Regardless of whether you are a patient, provider, or payer, healthcare data has the power to transform your experiences and produce better, more effective outcomes. As the industry becomes increasingly data-driven, let’s examine a few ways in which digital health innovations are driving change.

Power to the Patients

We can thank the popularity of Fitbit and other wearables for patients’ growing comfort levels with tracking and sharing their personal health data. In addition, the fitness trend has made consumers increasingly interested in getting the best care and value from their providers. Harnessing data to deliver a coordinated, patient-centric experience is key to providing the type of service consumers will increasingly expect at every healthcare touchpoint—from treatment through to billing.

Reducing Costs

According to a recent InformationWeek piece, improving data collection and analysis could save the healthcare sector 25 percent of its total costs. The article also underscores that duplicate records can be a significant cost center, tallying as much as 1,950 dollars per patient per inpatient stay and over 800 dollars per ER visit. Better access to patient data also enables healthcare organizations to address cost issues that arise due to patient wait times. For example, if a patient arrives early or late, appointments can be rescheduled, and resources can be optimized in real-time based upon provider availability.

Improved Patient Care

It follows that using data to better manage the patient experience results in higher customer satisfaction scores. Important though these may be, what’s most critical for patients and providers alike is harnessing data to provide better, more personal care. This is happening already and will only continue with the advancement of digital health technologies like telemedicine.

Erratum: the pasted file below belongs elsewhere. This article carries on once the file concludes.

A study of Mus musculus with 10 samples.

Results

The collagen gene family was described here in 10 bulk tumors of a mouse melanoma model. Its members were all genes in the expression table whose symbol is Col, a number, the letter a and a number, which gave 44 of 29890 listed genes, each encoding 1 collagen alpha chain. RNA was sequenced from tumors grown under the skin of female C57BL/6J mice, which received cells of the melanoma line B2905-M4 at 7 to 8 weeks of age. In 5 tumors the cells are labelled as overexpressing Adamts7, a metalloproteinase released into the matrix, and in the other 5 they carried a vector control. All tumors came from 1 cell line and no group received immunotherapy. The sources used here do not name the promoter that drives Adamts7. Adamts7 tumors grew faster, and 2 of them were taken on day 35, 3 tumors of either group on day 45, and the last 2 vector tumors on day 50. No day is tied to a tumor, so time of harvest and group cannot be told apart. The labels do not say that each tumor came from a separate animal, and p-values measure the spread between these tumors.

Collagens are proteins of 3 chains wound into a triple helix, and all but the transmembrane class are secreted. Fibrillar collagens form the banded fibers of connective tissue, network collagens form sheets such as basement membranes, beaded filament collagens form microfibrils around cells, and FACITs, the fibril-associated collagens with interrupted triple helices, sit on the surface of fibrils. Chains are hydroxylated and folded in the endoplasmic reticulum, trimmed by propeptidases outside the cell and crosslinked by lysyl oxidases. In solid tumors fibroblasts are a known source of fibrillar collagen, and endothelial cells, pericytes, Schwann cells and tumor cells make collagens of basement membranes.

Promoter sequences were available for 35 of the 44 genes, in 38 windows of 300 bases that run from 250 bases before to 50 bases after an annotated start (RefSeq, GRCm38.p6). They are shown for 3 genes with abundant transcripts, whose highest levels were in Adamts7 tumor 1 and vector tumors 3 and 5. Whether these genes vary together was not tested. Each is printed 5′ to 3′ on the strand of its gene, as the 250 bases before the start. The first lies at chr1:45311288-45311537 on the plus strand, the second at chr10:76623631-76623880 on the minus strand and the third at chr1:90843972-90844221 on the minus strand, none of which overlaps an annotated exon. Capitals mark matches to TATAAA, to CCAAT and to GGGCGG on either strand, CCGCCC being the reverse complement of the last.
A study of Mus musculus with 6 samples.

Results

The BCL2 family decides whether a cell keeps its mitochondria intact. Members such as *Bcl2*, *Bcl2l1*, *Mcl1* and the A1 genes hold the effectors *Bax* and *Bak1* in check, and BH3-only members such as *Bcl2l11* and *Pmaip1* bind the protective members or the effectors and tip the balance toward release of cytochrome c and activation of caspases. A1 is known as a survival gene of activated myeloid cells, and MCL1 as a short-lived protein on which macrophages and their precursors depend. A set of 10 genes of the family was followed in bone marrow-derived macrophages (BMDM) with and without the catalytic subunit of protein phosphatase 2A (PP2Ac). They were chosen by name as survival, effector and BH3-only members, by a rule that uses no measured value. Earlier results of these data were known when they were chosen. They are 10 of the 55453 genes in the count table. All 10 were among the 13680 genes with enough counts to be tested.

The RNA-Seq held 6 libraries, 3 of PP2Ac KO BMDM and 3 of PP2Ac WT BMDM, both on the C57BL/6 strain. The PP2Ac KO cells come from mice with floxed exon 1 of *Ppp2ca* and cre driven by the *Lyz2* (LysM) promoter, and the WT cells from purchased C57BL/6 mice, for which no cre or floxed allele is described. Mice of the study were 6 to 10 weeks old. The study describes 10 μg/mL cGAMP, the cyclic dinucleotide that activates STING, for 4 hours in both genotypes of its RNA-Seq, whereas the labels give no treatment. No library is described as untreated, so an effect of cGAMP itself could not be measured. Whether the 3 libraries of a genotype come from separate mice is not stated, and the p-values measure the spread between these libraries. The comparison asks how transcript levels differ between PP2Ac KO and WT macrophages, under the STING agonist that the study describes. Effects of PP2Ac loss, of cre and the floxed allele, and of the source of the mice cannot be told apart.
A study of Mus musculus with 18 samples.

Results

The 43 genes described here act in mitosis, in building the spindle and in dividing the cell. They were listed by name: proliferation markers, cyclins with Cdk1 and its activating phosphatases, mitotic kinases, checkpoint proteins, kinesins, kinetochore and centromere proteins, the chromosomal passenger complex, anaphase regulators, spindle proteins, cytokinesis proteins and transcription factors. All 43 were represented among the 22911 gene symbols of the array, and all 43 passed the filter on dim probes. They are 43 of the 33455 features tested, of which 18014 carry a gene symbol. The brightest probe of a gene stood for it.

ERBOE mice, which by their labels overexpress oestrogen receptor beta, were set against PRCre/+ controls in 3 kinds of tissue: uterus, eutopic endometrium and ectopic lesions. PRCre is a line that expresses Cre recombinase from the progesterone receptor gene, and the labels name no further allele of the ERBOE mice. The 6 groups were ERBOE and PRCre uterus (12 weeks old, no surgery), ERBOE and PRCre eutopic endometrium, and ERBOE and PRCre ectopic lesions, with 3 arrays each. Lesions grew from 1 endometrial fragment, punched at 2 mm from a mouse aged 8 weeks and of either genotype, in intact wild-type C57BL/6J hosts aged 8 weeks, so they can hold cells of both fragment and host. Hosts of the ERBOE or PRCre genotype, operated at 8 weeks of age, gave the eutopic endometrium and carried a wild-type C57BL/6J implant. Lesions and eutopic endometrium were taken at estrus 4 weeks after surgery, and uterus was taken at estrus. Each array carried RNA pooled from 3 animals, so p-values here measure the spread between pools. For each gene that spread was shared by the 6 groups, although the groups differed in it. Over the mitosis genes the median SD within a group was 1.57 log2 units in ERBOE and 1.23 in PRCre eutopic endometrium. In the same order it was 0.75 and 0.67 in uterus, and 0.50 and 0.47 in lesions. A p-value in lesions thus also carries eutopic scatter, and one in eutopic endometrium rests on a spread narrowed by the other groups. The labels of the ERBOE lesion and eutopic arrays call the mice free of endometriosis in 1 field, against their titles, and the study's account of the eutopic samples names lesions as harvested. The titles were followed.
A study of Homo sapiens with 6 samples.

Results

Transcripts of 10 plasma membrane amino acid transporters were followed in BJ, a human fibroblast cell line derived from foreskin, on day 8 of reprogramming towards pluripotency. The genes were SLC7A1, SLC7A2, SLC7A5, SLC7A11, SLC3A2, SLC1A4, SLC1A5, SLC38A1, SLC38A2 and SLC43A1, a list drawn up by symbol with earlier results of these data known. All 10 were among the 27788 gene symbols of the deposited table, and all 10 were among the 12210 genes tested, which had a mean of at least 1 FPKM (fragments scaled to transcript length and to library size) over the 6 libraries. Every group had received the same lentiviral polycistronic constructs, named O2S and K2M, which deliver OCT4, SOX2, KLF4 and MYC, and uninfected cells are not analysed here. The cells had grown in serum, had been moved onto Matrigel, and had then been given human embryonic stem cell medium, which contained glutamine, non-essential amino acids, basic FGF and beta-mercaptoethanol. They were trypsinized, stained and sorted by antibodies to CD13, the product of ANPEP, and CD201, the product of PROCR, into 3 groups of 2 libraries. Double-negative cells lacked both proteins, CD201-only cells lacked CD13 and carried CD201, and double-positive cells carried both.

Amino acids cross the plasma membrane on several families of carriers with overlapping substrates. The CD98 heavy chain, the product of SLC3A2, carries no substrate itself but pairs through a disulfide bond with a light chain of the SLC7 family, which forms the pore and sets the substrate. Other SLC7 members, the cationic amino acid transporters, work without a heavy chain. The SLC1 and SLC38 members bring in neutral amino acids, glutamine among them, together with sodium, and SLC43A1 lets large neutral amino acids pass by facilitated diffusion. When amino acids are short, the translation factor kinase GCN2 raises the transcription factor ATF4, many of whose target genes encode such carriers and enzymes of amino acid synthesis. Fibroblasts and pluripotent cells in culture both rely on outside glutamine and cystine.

For example, the InformationWeek article examines a trial of remote monitoring correspondence between diabetics and their physicians, wherein doctors were notified via text of patients’ poor glucose levels. Through the text conversations that followed, the doctors improved their knowledge of the patient, the quality of care they offered, and how triggers like stress impacted the patients’ insulin levels. In the future, expect cognitive artificial intelligence (AI) systems to build on this personalization by sifting through vast quantities of data to provide physicians and staff with nuanced, contextualized patient insights. As previously mentioned, this level of service will be expected not only at the point of care but also in patients’ interactions with hospital billing, insurance claims, and other operational stakeholders.

Of course, these opportunities are only possible when healthcare institutions have high-quality, integrated data that is widely accessible throughout the organization. As such, no matter where a hospital or healthcare provider may currently fall in the digital transformation journey, resolving issues around data access, integrity, and bias is essential to moving on to the next phase.